Albany State-CALM


Jeremy Robinson was prepared to leave Albany State University to study aerospace engineering. But the volatile economy and sketchy political scene made him reconsider the options. A close look at the behind-the-scenes operations of major companies such as Apple and Walmart persuaded the ASU junior to continue the degree in supply chain and logistics management at ASU in the College of Business.  The decision, he says, was a good one.

“Supply chain and logistics management is a secure field, and ASU’s program has broken ground and made a lot of strides,” said the Stone Mountain, Ga. native, now a senior.  “The school offers Green and Yellow Belt Six Sigma certifications and I will have them when I graduate.”

The certifications, Jeremy learned while completing job applications caused his resume to stand out among other job seekers. He graduates this year with a leg up on the competition. The additional training coupled with valuable business contacts made through ASU professors were good preparation for a competitive employment market.

For two semesters, Jeremy accompanied his professors on trips to meet logistics experts at  Hartsfield-Jackson International Airport in Atlanta and General Mills, located in Covington, Ga. He also attended the Council of Supply Chain Management Professionals Conference and was exposed to different facets of logistics. Networking opportunities at ASU’s logistics symposium in Savannah led to a co-op opportunity at Tyco International, a securities and fire protecton company headquartered in Princeton, New Jersey.

“The experience [at Tyco] really made me want to work in the field. I headed up a procurement project, closing out open purchase orders as well as reaching out to parties for purchase orders that had not yet been fully received. I also worked on contract novation. I got to do a lot,” said the soon-to-be-ASU graduate, adding that his Tyco mentors funneled good projects his way during the summer experience. Logistics executive George Ellis, a Harvard University graduate supervised ASU student interns. “The students from ASU had a mixed bag of skills. They had already been involved in various leadership positions, had great writing skills and were trusted communicators. You didn’t have to chase them; they did what they said they would do. They knew how to work when the pressure was on,” said Ellis.

Jeremy is no stranger to that kind of support. “I found those needle-in-a-haystack types of professors,” he says. “They want to see me succeed, so they help me fine tune my skills, help outside of class to show me how to analyze data. It makes me in turn want to give back to the school by succeeding in my career.”

That’s what he plans to do. After advancing up the chain to a C-level position, Jeremy plans to begin his own logistics start up focusing on transports and high end brokerage. His goal: to spread awareness in the minority community about logistics, a field where there are opportunities to excel. The willingness to encourage others comes from his parents who dared him to be different and set no limitations on what their son could do.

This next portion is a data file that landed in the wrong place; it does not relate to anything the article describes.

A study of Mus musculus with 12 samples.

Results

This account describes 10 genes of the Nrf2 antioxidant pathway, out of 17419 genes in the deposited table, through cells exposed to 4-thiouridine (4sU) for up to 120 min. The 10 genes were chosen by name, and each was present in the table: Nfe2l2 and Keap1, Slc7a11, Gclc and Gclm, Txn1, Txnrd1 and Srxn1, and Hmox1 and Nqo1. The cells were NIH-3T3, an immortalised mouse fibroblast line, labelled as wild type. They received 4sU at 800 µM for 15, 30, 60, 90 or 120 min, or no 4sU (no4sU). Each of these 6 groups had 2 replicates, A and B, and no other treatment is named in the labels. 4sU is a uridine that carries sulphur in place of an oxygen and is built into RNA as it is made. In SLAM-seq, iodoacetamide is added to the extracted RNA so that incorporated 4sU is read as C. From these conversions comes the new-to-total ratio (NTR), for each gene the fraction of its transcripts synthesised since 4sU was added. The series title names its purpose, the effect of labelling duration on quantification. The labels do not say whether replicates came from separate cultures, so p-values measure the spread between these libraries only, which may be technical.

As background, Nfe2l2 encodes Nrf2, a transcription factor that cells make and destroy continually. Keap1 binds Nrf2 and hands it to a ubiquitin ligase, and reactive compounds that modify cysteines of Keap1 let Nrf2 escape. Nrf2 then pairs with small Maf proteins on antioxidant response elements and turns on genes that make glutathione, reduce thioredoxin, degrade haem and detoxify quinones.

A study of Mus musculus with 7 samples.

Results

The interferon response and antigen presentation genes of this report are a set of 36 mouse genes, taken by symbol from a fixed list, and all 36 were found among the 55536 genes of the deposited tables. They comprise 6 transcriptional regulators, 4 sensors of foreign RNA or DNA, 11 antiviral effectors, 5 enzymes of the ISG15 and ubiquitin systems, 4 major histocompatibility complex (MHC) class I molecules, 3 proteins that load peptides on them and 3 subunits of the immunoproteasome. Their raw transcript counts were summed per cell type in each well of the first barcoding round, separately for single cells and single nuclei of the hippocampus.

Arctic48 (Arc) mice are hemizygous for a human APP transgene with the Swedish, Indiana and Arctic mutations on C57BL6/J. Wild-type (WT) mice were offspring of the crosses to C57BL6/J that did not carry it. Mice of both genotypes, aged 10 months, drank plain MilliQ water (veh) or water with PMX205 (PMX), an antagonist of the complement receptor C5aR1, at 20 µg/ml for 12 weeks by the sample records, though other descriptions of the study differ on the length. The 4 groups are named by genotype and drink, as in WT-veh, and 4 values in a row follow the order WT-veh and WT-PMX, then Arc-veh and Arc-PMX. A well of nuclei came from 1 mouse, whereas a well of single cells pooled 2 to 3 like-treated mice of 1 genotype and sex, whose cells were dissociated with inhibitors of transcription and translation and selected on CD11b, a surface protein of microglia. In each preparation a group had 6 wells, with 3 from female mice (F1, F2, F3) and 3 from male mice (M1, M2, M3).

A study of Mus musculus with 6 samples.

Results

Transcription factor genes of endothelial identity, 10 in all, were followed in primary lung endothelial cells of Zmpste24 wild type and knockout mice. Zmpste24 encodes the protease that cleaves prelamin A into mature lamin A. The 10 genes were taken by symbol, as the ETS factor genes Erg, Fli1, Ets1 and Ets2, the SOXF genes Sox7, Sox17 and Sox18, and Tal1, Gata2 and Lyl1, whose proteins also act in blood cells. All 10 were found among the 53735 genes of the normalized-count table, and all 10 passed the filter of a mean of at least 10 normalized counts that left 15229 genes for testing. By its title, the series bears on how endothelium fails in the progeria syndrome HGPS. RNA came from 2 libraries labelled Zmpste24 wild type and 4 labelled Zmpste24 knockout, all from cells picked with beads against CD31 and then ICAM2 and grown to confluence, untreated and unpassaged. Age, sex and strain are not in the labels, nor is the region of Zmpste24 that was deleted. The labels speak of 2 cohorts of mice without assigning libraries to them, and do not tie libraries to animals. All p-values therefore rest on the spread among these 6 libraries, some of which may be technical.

“Sometimes being different got me in trouble, until I understood what they meant. It bored me to hear about politics, the economy and culture at home, but I realize it prepared me to be adaptive.”

Now, Jeremy is prepared and ready to apply lessons learned from his parents and at ASU. “I’ve always had a philosophy about leveraging useful skills properly. I approach every situation with my I’s dotted and my T’s crossed. Those seeds that were planted in me at home and in college are starting to bear fruit.”

When Crystal Smith graduates from Albany State University, she’ll know how to handle the grueling questions that top executives at work toss her way. New technologies used in supply chain and logistics workplaces won’t faze her either. That’s because Crystal has experienced all of the above in the  virtual environment that Albany State University’s Supply Chain and Logistics Management program offers students. The Logistics Integrative Virtual Environment (LIVE)  allows students to act as management trainees that interact with executives in a simulated business environment.

“They want you to see how it is in the real world,” said Smith.  The dual degree major in logistics and accounting from Decatur, Ga., says  it’s one of the best parts of the program, because it prepares students to grow. The advice from company executives who have years of experience as logisticians is invaluable, she added.

“(LIVE) is when you get to put the bookwork into action with actual companies. When you do your briefings at the end of the semester, the executives show you where you need to get better,” she said. “Now that I’ve taken the course, I can better prepare for my career.”

The course prepared her to work for five months at Tyco, a securities and fire protection company headquartered in New Jersey. Crystal was selected for the co-op. She  prepared accounting reports and led a procurement project for the company’s European Fleet division.

“I enjoyed it,” she said. “It was really challenging and I got very good at using Excel!”

Crystal praises ASU for the training opportunity that served as preparation for life after graduation. Inspired by field trips to the Hartsfield-Jackson International Airport in Atlanta and other large corporations, Crystal added logistics to her career plan.

“The instructors in the program don’t treat me like a number. They talk with me one-on-one and they know what kind of student I am, so they teach to my ability.”
Equipped with confidence, a solid academic foundation and work experience, Smith is on track to career fulfillment in the supply chain and logistics industry.